Years ago I remember telling some coworkers that I wished Doug could work from home. They responded with laughter, assuring me that I would get tired of it very quickly.
I wasn’t so sure.
Here we are, many years later, and Doug and I both work from home. We have desks on opposite sides of a room in our house. He has an office at church, but there really isn’t much reason for him to consume the resources it takes to keep the church cool and warm just for him when he can do his work just as effectively at home.
And I love having him here, just as I expected I would.
There is a misconception about our family life, though. People assume that our choice to homeschool and to have both of us working from home means that we interact as a family all the time.
But we don’t.
Well, that’s not exactly true. We do interact all the time. I interact with the kids through school, and Doug and I exchange conversations during the work day. But those interactions are all very task-oriented.
Ultimately, even though we do not go our separate ways each day, we still have to be very intentional as a family to interact relationally, just like any other family.
Whether Mom works outside the home or not, at some point she has to to turn off the work side of being a mom and just get to know her children.
Whatever Dad’s work situation looks like, he has to be intentionally about stepping away on a regular basis (and I don’t mean once or twice a year – I mean several times a month!) to truly interact with his wife and with his family as a whole.
We have to be intentional about our family relationships.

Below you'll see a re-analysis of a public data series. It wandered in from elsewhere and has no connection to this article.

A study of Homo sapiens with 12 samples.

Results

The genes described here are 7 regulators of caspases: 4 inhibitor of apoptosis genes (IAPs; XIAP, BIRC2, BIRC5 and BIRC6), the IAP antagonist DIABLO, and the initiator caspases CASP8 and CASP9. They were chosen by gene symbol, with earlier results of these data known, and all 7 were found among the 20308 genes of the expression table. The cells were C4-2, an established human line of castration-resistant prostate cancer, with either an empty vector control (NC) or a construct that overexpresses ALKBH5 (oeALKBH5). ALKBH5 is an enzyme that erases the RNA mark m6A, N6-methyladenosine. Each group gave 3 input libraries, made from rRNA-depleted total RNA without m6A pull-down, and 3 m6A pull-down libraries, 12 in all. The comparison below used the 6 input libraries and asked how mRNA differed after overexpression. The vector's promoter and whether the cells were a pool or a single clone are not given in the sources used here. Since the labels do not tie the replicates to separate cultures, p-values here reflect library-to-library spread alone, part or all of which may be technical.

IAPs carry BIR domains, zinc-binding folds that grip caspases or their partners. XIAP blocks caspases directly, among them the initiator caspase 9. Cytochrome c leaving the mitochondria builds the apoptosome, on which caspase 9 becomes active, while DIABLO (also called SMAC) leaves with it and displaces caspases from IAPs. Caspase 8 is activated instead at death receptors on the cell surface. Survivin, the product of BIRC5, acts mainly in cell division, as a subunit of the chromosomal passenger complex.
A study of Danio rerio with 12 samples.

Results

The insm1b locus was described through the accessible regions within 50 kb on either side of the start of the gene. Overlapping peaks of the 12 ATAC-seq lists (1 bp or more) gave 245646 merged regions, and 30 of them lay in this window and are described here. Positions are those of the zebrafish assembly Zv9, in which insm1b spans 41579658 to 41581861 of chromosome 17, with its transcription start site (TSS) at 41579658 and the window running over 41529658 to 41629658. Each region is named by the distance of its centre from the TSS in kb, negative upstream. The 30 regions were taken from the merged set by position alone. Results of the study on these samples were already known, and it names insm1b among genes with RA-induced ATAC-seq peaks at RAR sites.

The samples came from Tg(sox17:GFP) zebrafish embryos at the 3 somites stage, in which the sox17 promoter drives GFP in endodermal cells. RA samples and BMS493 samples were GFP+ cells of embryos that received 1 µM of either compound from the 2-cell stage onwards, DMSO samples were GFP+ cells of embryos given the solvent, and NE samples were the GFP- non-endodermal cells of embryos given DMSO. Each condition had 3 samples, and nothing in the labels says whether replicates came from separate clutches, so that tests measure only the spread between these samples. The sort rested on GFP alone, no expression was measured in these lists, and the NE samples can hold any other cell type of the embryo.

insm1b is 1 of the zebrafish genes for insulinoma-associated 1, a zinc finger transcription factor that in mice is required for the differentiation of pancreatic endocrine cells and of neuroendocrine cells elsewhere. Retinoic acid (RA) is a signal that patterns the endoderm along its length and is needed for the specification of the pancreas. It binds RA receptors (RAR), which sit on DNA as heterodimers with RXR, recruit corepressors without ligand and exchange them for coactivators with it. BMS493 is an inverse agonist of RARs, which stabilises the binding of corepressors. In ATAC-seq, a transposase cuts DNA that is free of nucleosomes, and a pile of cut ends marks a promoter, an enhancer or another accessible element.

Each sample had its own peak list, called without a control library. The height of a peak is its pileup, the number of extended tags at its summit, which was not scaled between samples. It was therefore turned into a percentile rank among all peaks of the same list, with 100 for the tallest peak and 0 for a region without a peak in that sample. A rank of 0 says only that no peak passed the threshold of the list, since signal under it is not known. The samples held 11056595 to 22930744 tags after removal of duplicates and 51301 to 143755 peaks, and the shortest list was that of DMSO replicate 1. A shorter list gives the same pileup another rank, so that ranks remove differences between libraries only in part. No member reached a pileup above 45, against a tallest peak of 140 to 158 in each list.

But we have to be even more intentional about balancing those family relationships and our marital relationship. Our children need to know that Daddy and Mommy come first with one another. Yet, if we only step back to be intentional about the marriage, our children will begin to believe that only the marriage is important – not the family.
We must balance both.
When is the last time you spend real time with your spouse? With your family? Not multi-tasking by sitting down to plan out the coming week with your spouse or heading out to the ball field together as a family to watch one child play. No, I mean intentional, relational, real time.
When can you set that aside this week?
It could be something as simple as one meal with your spouse.
It could be as easy as thirty minutes of UNO with the family.
But it’s worth doing. Weekly if possible, but at least a couple of times a month. Real time. Relational time. An investment in what is really important.
How can you enjoy real time this week?